It’s official. UK manufacturing is in recession. If the UK leaves the EU with anything less than single market and customs union membership, it’s game over for manufacturing in Britain. And the knock-on consequences* for the British economy are catastrophic.
Brexit will impact every person in the UK who depends on manufactured goods as a component, as part of a supply chain, or as a finished product.
My business relies on all three of these, and a no-deal/hard Brexit means the prospects for its survival, as for many others, are not good. Using my business and one of the more popular products we sell as an example, we might be able to illustrate the scale of the wider problem.
Obviously, I don’t want to cause problems for any of my suppliers, so I’ll simply refer to this product as Product X (PX for brevity).
PX is a component used in many cosmetic formulations. My supplier is based in England, and they manufacture the product there using many other components – components not available in the UK, which must be imported. In the event of no-deal Brexit, most of the components used to make PX will become more expensive and take longer to obtain. In turn, PX will cost more as the manufacturer can’t absorb all of these extra costs of delays, customs fees, tariffs, etc.
The PX manufacturing company sells its products to companies like mine (I’m a distributor) as well as finished-goods manufacturers. These manufacturers are based all over the world, including Africa. These African markets are available for export through interim partnership agreements and association agreements through the EU. In other words, the PX manufacturer is able to export to these markets with preferable arrangements because of the UK’s EU membership. Without these agreements, export to those markets becomes expensive and cumbersome – not only for the PX manufacturer, but for customers there who buy from them as these costs are passed along.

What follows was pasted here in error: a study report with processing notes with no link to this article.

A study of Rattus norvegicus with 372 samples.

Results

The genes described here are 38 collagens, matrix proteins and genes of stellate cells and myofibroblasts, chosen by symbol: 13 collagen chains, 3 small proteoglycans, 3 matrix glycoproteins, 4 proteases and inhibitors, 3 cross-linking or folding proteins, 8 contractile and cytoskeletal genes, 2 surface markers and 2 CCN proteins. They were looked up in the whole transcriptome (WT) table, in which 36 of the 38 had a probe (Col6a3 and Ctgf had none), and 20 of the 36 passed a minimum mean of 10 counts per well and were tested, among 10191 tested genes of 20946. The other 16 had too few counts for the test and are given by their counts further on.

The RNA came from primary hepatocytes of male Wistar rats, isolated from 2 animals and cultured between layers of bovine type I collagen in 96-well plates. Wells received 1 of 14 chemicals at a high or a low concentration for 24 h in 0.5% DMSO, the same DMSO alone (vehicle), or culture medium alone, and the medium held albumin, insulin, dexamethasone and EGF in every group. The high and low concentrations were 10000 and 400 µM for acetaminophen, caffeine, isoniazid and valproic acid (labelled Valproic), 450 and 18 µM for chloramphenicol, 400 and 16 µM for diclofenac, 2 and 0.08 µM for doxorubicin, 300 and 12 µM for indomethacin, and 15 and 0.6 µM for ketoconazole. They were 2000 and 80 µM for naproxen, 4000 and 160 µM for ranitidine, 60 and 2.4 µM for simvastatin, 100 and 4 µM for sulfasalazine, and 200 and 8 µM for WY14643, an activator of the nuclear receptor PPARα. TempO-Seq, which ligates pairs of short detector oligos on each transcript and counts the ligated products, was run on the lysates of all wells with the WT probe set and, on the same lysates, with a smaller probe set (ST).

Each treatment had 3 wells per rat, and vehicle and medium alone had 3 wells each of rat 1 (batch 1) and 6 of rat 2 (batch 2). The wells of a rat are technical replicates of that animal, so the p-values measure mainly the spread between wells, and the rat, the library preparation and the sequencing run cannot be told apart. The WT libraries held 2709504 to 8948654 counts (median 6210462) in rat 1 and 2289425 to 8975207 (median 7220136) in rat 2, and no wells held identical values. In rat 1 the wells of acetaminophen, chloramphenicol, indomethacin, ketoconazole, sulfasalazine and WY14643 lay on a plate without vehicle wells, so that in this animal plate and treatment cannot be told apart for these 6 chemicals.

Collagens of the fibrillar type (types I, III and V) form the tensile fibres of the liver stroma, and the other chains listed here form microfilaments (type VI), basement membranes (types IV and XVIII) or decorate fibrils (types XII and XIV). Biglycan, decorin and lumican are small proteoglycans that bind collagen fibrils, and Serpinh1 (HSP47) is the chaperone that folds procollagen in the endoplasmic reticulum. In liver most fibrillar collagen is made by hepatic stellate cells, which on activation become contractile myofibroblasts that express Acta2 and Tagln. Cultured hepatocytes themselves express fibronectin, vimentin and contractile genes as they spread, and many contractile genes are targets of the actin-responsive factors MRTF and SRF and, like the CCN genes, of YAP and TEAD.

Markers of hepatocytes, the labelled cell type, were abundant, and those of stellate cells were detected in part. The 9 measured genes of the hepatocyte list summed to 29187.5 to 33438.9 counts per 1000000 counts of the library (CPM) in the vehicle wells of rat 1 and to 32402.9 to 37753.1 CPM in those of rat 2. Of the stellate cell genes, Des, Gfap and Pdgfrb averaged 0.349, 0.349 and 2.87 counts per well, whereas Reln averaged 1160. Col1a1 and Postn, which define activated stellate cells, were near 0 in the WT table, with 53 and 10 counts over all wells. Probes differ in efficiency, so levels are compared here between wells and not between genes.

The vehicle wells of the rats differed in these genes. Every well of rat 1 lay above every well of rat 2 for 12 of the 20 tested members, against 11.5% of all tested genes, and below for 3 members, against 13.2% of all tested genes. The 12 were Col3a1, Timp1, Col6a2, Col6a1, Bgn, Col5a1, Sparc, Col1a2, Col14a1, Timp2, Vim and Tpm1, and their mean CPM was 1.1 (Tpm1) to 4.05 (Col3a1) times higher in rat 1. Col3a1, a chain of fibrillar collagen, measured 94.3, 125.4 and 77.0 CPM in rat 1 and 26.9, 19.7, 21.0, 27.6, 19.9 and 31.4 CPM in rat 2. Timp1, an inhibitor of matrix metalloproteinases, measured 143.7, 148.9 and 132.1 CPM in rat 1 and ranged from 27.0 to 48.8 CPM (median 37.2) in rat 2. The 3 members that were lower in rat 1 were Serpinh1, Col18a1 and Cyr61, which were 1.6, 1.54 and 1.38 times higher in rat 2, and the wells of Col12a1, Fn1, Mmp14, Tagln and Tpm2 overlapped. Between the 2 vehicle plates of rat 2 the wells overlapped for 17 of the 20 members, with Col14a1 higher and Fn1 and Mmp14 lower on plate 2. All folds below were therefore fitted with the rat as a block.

But other companies in the EU, still within the single market and customs union, can produce PX. They can easily obtain the raw materials for production. They do not have the extra expenses of customs fees, duties, and tariffs, or have to hold up production to wait for components to clear customs. And they don’t have to pass along the expense of extra exporting costs. Thus EU PX producers become more attractive to buyers because their products are cheaper and easier to get. This leaves the UK PX manufacturer, once working within the framework of the EU but now competing against it on unfavourable terms, in an untenable position.
Now picture every other manufacturer in Britain who depends on imported components for their supply chain. I can’t think of anyone who makes a 100% British product. This is why big manufactures like Airbus are sounding the alarm. They rely on importing components and then exporting what they’ve produced either to the EU or to a country covered by an EU-negotiated trade agreement. Their prospects are the same as those of the manufacturer of PX – unsustainable.
Manufacturing in the UK employs just under three million people. My business is one of the countless companies which rely on UK manufacturing, and if that manufacturing goes, my business goes right along with it. The knock-on effects are staggering to consider.
The ramifications of a no-deal Brexit go far beyond UK companies’ ability to export. It will drive most of them either out of the country or out of business. Brexiters promise wonderful new trade deals, but as these will take years to negotiate, they simply won’t come in time to save British manufacturing – or the thousands upon thousands of companies dependent upon it.
*for brevity, I’ve not touched on the regulatory alignment needed to ensure goods (like chemicals) conform to the standards of the markets into which they intend to be sold. This is an entire other essay – one I’m not sure I’ve the energy to write at the moment.